Flaxman Charles John Spurrell


In the 1860s he began to examine flint implements in and around Crayford in Kent, and over the following decades published a large number of articles for the Kent Archaeological Society (of which his father was a founding member), the Essex Archaeological Society and Royal Archaeological Society, as well as other societies and groups. In 1895 he presented a number of pre-historic remains to the Natural History Museum, and later donated material to the Norwich Castle Museum.

He was a close friend of the egyptologist William Matthew Flinders Petrie, whom he helped to record discoveries made in, for example, Naqada and Tell el-Amarna in Egypt.

Flaxman Spurrell was also interested in photography, and some of his photographs are currently held by English Heritage.[2]

Some years before his death, he retired to Bessingham Manor House in Norfolk, one of the seats of the Spurrell family, and was no longer active in the archaeological world. He died at The Den, Bessingham, in 1915, having married his cousin, Katherine Anne Spurrell, on 27 March 1912.

Flaxman Spurrell was educated at Epsom College; he was a Fellow of Geological Society from 1868 to 1905 and a Fellow of the Society of Antiquaries from 1899 to 1910.

He was a nephew of Rev. Frederick Spurrell and an uncle of the biologist and author Herbert George Flaxman Spurrell.


The following papers were published by F. C. J. Spurrell in the Royal Archaeological Society's Archaeological Journal:

  • Implements and Chips from the floor of a Palaeolithic Workshop, Vol. XXXVII
  • Deneholes and Artificial Caves with Vertical Entrances, Vol. XXXVIII
  • Shallow Pits in Norfolk and Elsewhere, Vol. XL
  • Early Sites and Embankments on the margins of the Thames Estuary, Vol. XLII
  • The First Passage of the Thames by Aulus Plautius, Vol. XLVII
  • Shoebury Camp, Essex, Vol. XLVII
  • Notes on a Boat found at Albert Dock, Woolwich, Vol. XLVII
  • Rude Implements from the North Downs, Vol. XLVIII
  • Some Flints from Egypt of the IVth Dynasty, Vol. XLIX
  • Notes on Early Sickles, Vol. XLIX
  • On Remedies in the Sloane Collections, and on Alchemical Symbols, Vol. LI
  • Notes on Egyptian Colours, Vol. LII
  • On Some Flint Implements from Egypt and Denmark, Vol. LIII

In Archaeologica Cantiana, the journal of the Kent Archaeological Society, he published:

  • Palaeolithic Implements found in West Kent, Vol. XV

Flaxman Spurrell also published the following articles in the Essex Naturalist:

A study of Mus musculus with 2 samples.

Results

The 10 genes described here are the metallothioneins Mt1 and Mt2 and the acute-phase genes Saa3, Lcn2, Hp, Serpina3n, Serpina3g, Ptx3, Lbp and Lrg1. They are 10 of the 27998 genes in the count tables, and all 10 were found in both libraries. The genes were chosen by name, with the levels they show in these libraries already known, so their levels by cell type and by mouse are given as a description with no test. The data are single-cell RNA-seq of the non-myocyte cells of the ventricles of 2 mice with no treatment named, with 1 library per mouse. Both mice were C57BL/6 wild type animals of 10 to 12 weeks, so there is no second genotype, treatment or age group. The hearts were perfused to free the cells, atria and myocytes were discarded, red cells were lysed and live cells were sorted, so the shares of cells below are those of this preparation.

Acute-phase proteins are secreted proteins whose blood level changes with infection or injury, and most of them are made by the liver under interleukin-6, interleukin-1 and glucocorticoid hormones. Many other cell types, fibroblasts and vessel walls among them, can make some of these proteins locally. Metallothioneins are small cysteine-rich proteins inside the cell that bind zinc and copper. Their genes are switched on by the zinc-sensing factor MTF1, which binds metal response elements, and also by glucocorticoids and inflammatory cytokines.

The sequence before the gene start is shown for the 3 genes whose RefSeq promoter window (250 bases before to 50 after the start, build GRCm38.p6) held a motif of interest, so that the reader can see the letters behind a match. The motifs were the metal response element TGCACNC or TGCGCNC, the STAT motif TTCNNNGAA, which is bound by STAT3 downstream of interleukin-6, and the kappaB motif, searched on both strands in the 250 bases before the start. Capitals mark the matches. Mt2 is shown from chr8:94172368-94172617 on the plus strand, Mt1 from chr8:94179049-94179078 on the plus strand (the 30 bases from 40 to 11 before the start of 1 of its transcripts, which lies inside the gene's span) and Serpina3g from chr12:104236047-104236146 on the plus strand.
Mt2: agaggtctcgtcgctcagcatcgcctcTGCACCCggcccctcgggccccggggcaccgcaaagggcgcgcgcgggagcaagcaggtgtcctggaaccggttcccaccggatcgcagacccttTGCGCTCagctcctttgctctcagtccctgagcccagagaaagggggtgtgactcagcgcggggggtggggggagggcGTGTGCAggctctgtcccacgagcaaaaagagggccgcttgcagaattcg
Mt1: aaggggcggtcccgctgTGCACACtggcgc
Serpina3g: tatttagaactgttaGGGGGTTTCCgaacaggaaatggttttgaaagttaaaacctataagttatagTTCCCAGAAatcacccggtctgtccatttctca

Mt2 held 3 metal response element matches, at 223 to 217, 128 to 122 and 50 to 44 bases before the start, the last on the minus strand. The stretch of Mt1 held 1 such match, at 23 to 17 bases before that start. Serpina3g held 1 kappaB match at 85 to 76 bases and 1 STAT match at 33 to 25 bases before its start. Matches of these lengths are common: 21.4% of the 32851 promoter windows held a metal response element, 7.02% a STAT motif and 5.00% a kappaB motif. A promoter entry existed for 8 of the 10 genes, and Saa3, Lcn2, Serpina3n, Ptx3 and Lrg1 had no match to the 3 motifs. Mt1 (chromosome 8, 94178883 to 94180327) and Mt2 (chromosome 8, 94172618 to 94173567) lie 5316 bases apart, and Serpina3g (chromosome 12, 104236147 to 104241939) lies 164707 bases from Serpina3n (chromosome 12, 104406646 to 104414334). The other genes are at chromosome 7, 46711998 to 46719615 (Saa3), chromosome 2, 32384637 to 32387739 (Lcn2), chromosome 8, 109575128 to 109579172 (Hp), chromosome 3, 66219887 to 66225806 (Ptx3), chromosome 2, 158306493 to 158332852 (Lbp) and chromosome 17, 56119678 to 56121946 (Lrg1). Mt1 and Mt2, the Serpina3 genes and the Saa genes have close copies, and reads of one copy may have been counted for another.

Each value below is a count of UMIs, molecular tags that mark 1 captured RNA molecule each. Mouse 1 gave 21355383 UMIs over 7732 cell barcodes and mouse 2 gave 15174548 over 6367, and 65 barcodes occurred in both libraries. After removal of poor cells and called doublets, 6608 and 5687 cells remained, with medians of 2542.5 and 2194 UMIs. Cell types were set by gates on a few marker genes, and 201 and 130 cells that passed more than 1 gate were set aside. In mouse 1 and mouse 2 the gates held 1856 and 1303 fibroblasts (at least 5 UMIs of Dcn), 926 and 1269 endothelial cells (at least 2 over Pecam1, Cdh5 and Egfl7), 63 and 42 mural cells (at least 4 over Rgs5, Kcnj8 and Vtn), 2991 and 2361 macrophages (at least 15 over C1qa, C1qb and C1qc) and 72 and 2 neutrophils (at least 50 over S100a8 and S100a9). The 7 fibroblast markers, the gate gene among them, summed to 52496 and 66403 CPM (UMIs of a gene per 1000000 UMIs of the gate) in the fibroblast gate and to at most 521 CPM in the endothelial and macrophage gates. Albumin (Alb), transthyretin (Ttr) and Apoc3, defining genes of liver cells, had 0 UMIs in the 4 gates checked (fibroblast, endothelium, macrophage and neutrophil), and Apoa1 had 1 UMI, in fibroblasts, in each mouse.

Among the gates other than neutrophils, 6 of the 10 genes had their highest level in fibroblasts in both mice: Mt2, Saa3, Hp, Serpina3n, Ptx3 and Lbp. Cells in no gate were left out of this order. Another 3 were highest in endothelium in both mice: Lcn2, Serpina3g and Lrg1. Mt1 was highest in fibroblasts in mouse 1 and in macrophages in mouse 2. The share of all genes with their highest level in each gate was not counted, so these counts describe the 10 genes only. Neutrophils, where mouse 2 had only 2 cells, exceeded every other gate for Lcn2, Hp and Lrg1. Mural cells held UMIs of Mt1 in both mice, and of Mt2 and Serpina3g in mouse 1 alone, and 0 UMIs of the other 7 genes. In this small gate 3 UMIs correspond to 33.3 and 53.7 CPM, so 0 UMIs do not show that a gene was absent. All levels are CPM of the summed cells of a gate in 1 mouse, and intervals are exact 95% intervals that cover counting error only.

• Ensilage, or preserving grain in pits (1887)
  • Withambury (1887)
  • Danbury Camp, Essex (1890)
  • Hæsten's Camps at Shoebury and Benfleet, Essex (1890)

In the Proceedings of the Geologists' Association he published the following works:

  • Excursion to Erith and Crayford, Vol. IX
  • On the Estuary of the Thames and its Alluvium, Vol. XI
  • Excursion to Higham, Vol. XI
  • Excursion to Crayford, Vol. XI
  • Excursion to Swanscombe, Vol XI
  • Excursion to Grays, Thurrock, Essex, Vol. XII
  • Excursion to Dartford Heath, Vol. XIII
  • See also Visit to see F. C. J. Spurrell's collection of fossils in Excursion to Belvedere, J. Morris, Vol. II

The following was published in the Quarterly Journal of the Geological Society:

  • Spurrell, F. C. J. (1880). "On the Discovery of the Place where Palaeolithic Implements were made at Crayford". Quarterly Journal of the Geological Society. 36: 544. doi:10.1144/GSL.JGS.1880.036.01-04.41.<templatestyles src="Module:Citation/CS1/styles.css"></templatestyles>

In the Journal of the Anthropological Institute can be found:

  • On some Palaeolithic knapping tools and methods of using them, Vol. XIII

The following appeared in the Reports of the West Kent Natural History, Microscopical and Photographic Society:

  • A sketch of the history of the rivers and denudation of West Kent (1886)


  1. F. C. J. Spurrell, Kentish Antiquary and Archaeologist, Nesta D. Caiger
  2. Six Month Review, April–September 2002, National Monuments Record, English Heritage (via Wayback Machine).

See also

  • F. C. J. Spurrell, Kentish Antiquary and Archaeologist, Nesta D. Caiger, Research Report, Kent Underground Research Group 8, 1992.